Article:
By Michael Lewis
Dallas Weekly Contibutor
DALLAS, TX — Fiscal cliff, sequestration, spending cuts, and austerity are all buzzwords we seemed to have heard this year. At the beginning of 2013 the United States had reached the debt ceiling. In other words Uncle Sam couldn’t borrow any more money to pay the bills. Apparently everyday folks aren’t the only ones trying to make a dollar out of fifteen cents. If we were to examine our monthly expenses what would we find? How many of us really need the things we spend our money on? What could we, if need be get rid of or substitute for something else? The common rule of thumb to rate wealth comes from the ‘Pareto principle’. Italian economist Vilfredo Pareto came up with the 80-20 rule in 1906.
For the purpose of budgeting, the 80-20 rule means that we should be able to pay 80% of our bills with only 20% of our paycheck. Wait a minute Pareto must have not have known gas would cost an arm and a leg, or it would take $10 dollars to buy a box of cereal and a gallon of milk! Let’s use this principle in a real time example. A person bringing home $500 per week according to the rule of thumb should only spend $100 in that week.
In 2013 that seems a little unrealistic. So instead let’s flip the rule, and say that our expenses will only make up 80% of our income, and the 20% will go towards saving. What that means is, for the same person bringing home $500 per week, he or she can use $400 to pay towards bills and put the $100 up for a rainy day. On a monthly budget our imaginary person with $2000 in income ($500×4), has to live on $1600 per month, but is creating a savings of $400 per month. This formula can be used for any income level to help set a budget, but how can we get our spending to 80%? Just like the government we have to take severe action.
Here are a few simple ways: Review our insurances. With so many service providers, switching car and home policies can save a few dollars per month; Review our utilities. Several energy companies offer plans that might help to decrease the monthly bill; Review extra services. The internet, cable, or cell phone plans we have may be more than what’s actually needed; Pay the bills we have on time. Most companies add a late charge for missing the due date. These fees can add up over time; Look for coupons. It may seem time consuming, but helps to save money on the things we buy regularly. Putting a dollar amount on what we should be spending for monthly expenses and cutting out unnecessary bills are important parts of budgeting.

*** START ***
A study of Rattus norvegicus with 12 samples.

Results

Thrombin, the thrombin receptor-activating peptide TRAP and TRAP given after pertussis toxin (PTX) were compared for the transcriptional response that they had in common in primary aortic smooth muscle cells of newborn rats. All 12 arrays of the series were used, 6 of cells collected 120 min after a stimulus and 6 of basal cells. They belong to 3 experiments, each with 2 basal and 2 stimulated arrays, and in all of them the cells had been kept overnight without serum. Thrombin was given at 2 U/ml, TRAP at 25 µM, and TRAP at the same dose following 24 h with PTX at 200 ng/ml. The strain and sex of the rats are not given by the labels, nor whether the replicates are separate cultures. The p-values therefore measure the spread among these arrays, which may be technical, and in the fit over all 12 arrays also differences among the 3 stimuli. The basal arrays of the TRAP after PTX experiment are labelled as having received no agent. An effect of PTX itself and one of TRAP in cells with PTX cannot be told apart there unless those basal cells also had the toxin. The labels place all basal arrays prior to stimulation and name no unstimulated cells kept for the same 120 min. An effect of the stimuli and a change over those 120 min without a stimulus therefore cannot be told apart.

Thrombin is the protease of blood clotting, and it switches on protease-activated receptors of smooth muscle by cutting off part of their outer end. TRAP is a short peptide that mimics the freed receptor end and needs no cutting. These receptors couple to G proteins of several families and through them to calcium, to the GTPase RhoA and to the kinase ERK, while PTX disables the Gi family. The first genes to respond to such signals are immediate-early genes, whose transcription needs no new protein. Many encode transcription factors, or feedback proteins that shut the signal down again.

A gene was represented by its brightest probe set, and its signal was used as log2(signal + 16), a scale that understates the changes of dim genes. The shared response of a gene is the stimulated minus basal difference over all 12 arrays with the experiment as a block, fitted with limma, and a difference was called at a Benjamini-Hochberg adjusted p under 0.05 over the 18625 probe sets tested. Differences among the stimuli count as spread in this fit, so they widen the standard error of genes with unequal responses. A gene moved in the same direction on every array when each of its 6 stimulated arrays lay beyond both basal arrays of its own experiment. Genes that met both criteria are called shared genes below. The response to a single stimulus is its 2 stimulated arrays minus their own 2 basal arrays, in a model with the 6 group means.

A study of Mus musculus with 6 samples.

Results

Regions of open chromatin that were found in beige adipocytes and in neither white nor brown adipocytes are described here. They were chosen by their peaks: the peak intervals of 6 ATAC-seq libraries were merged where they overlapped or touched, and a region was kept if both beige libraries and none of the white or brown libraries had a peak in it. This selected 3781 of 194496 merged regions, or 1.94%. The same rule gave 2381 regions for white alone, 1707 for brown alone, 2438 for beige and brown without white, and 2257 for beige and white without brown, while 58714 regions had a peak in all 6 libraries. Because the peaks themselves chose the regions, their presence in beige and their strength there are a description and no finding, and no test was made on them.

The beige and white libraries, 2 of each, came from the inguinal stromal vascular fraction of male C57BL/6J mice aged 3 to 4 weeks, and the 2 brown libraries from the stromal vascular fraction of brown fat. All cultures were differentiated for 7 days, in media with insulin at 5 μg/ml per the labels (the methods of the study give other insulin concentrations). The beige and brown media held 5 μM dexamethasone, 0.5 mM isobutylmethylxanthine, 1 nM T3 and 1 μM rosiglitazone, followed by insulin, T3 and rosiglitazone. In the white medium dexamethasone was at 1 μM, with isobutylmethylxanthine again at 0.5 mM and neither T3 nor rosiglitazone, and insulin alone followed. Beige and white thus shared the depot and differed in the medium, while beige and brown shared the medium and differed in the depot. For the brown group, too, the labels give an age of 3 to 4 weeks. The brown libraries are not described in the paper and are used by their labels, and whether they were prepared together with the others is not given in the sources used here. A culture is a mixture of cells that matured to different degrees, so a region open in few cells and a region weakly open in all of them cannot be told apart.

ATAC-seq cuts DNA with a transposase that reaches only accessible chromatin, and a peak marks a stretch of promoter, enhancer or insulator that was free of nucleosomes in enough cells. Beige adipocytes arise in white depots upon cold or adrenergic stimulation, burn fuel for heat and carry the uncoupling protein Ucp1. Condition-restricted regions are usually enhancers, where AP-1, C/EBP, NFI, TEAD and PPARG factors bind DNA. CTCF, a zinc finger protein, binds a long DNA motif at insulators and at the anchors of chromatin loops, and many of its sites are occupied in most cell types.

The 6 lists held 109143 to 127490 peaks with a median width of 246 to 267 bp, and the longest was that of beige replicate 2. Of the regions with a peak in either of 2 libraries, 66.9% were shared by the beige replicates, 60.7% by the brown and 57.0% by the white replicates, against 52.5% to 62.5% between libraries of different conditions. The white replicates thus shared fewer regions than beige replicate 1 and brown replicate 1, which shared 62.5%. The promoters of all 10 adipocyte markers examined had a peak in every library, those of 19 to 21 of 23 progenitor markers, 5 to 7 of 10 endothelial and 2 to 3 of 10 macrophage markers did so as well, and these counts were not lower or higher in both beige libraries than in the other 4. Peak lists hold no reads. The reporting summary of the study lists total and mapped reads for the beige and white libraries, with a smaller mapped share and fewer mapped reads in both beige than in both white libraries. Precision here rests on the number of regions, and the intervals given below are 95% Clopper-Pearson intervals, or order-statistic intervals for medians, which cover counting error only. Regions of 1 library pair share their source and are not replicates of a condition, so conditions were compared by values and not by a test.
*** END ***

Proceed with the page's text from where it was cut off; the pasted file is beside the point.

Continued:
Maybe we won’t ever be able to have Beyoncé come to our house and sing like she did at the inauguration, but it’s very possible for us to look at our finances and wonder that old Destiny Child song ‘can you pay my bills, can you pay my telephone bill’.
Additionally, while these statistics may be positive news for the U.S. economy, the revolving nature of credit card debt means that increased borrowing may ultimately have a negative impact on the nation’s long-term growth. This is especially true if consumers borrow based on sentiment and impulse rather than cold hard fact, or fail to dramatically reduce their personal debt liability before seeking out new lines of credit. In short, consumers must ensure that they continue to reduce their debt levels in an effective and responsible manner, without borrowing unmanageable sums of money.
It is also important that you attempt to reduce your debt without spending unnecessarily, as there are numerous management solutions that demand an initial investment without delivering value for your money.